The bad news is that Tesla is halting the production of its Model 3 sedan for four to five days in an unexpected move aimed at improving output. The good news is that China is easing its auto regulations and making it easier for foreign companies to set up shop.
However, it's impact will be limited for all of them, with the exception of Tesla.
Under current regulations, automakers can only own up to 50% of their Chinese joint venture. Despite the rule, traditional automakers were willing to play ball in order to gain access to the more than 1 billion people in China.
This was put in place to prevent companies like GM from storming into China, effectively eliminating its competition and feasting in profits. Instead, the automaker had to team up with a company in China to produce its vehicles and split the venture.
It still led to handsome profits for the automaker.
For its part, GM was quick to issue a statement on China lifting these JV restrictions, saying it would not look to buy out its JV partners, and that its growth in China is because it's working with trusted partners. Further, the automaker "will continue to work with our partners to provide high-quality products and services to consumers."
Tesla in China
It comes back to Tesla because unlike most other automakers, it's looking to get into China but isn't there yet. CEO Elon Musk has previously said China could be a larger opportunity than the U.S. for the automaker.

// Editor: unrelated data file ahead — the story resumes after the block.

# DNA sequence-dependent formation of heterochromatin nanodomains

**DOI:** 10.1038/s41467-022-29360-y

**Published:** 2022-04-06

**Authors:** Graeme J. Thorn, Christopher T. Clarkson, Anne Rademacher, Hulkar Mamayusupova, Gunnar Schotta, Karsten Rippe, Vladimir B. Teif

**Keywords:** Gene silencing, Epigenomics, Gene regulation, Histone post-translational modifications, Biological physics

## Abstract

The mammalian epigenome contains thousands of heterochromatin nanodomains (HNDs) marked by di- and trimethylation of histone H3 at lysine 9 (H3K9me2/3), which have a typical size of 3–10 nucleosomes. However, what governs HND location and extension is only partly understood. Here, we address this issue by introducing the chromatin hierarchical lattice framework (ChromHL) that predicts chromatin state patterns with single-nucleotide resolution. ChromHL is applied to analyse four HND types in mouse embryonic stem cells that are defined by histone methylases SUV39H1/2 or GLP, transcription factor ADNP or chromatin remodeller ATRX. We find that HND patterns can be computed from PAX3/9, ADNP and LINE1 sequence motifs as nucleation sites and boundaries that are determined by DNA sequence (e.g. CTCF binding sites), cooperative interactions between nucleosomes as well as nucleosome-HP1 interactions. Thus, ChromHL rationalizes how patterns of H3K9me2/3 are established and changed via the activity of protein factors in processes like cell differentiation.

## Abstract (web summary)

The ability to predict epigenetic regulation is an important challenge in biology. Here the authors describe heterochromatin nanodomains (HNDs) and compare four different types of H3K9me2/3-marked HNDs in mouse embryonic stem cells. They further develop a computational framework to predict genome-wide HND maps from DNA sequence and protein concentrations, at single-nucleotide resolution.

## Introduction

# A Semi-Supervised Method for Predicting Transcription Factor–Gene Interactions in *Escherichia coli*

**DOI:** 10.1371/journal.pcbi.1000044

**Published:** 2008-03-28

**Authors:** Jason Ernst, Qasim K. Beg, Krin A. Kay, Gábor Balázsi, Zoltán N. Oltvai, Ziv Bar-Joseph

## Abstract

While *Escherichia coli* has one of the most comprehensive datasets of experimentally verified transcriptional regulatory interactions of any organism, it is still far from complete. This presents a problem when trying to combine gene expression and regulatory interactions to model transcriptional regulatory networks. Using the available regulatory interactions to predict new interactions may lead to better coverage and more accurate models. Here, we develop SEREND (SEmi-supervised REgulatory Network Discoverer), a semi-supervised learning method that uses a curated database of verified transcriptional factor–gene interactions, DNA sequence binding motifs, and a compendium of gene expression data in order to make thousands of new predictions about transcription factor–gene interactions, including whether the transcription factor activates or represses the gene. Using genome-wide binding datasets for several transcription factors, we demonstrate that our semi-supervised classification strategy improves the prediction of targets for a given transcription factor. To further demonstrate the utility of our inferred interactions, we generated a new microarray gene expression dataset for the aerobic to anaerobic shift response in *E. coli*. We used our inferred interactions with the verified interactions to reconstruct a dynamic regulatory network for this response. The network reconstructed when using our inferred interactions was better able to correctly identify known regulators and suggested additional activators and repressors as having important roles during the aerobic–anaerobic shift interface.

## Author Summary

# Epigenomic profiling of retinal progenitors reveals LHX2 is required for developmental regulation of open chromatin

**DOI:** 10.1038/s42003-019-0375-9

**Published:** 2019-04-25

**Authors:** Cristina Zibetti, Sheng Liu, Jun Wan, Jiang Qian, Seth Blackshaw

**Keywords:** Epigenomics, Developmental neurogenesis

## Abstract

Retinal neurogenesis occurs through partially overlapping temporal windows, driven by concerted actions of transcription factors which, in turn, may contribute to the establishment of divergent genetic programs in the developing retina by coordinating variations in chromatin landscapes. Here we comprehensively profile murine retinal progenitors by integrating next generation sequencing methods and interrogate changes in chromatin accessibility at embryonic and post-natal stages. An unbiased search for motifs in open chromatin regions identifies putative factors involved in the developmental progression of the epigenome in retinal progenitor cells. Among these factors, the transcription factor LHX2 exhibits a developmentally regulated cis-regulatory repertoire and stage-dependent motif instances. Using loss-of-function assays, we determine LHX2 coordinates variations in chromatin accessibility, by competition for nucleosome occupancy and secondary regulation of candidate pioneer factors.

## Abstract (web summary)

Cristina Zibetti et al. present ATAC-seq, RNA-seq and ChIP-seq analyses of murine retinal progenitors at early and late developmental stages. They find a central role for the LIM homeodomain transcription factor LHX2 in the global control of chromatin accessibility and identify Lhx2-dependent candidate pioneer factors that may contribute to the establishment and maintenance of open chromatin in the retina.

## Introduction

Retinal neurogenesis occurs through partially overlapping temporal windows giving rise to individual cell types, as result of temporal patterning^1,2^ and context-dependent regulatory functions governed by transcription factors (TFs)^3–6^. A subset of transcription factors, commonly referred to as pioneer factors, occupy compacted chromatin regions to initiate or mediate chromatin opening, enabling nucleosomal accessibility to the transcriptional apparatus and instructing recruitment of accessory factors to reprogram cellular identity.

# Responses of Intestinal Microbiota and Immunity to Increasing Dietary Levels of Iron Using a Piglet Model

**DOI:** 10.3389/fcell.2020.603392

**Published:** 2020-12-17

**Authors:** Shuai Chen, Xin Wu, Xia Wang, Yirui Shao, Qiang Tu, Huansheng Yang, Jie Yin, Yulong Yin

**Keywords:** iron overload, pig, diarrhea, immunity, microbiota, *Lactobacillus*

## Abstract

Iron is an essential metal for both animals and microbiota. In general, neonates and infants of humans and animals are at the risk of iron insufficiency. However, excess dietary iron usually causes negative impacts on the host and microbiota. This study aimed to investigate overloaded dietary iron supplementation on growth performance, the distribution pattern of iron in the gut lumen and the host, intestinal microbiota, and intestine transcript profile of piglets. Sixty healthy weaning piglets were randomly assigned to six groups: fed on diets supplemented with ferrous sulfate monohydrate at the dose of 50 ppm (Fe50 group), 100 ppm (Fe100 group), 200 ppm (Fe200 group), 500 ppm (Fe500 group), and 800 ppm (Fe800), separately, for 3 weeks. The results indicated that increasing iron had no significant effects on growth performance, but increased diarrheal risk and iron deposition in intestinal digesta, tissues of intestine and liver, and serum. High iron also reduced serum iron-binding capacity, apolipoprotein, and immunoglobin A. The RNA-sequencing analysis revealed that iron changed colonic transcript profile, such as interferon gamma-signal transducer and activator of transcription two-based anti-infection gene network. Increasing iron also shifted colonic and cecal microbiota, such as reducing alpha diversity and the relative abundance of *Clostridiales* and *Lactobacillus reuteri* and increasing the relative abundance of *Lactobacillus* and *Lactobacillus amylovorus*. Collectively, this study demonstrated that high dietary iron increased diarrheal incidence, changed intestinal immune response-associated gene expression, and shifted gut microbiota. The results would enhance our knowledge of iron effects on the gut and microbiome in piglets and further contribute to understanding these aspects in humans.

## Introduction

However, it (like any other automaker) faces a steep import tax of 25% when it ships its vehicles into China. Because this makes the vehicles so expensive, it tempers demand. That's why so many automakers were willing to take the 50/50 JV deal with Chinese companies.
China said it plans to ease those burdens over the next five years. Beijing will ease up even sooner, lifting the requirement sometime this year for electric car, drone, jetliner and helicopter makers.
Under this new arrangement, Tesla will have the opportunity to not only avoid the import taxes on its vehicles by producing within China, but will also be able to eliminate having a JV partner. That's a true win for the automaker and one with good timing.
There is another consideration, though. It's not as if Tesla is flush with cash and given the number of projects it has in the pipeline, it will need plenty of dough going forward. With negative free-cash flow and a bottom-line deficit, raising capital shouldn't be out of the question.
Musk has already said the company will not need to raise capital. He added that Tesla should be cash flow positive and profitable in the second half of 2018, thanks in part to the "improved" production of the Model 3.
However, should Tesla choose to go without a partner in China, it will have to fund the entire project, something that will no doubt cost a hefty sum. In some respects, it's hard to image Tesla not raising capital, especially if it wants to embark on this mission sooner rather than later.
Consider that Tesla has its expanding Gigafactory, plans to put capital expenditures toward the Model Y later this year and has already shown off the Roadster and its semi truck vehicle projects. Eventually it will need to expand its Fremont factory (or build a new one in the U.S.) assuming Tesla hits its production numbers.
Still, China lifting these requirements could be the lifeline that Tesla needs, if the country is in fact as big as some investors think. If so, this could be a massive deal for Tesla, even if it needs additional funding.
After weeks of escalating trade threats, China's move could help lower those tensions. Perhaps that's giving stocks a bump on Tuesday, with the S&P 500 up about 1% as investors hope trade tensions cool rather than heat back up.
It's also likely preventing shares of Tesla from being down more, with Tesla stock down just 54 basis points to $289.65 despite its Model 3 production halt.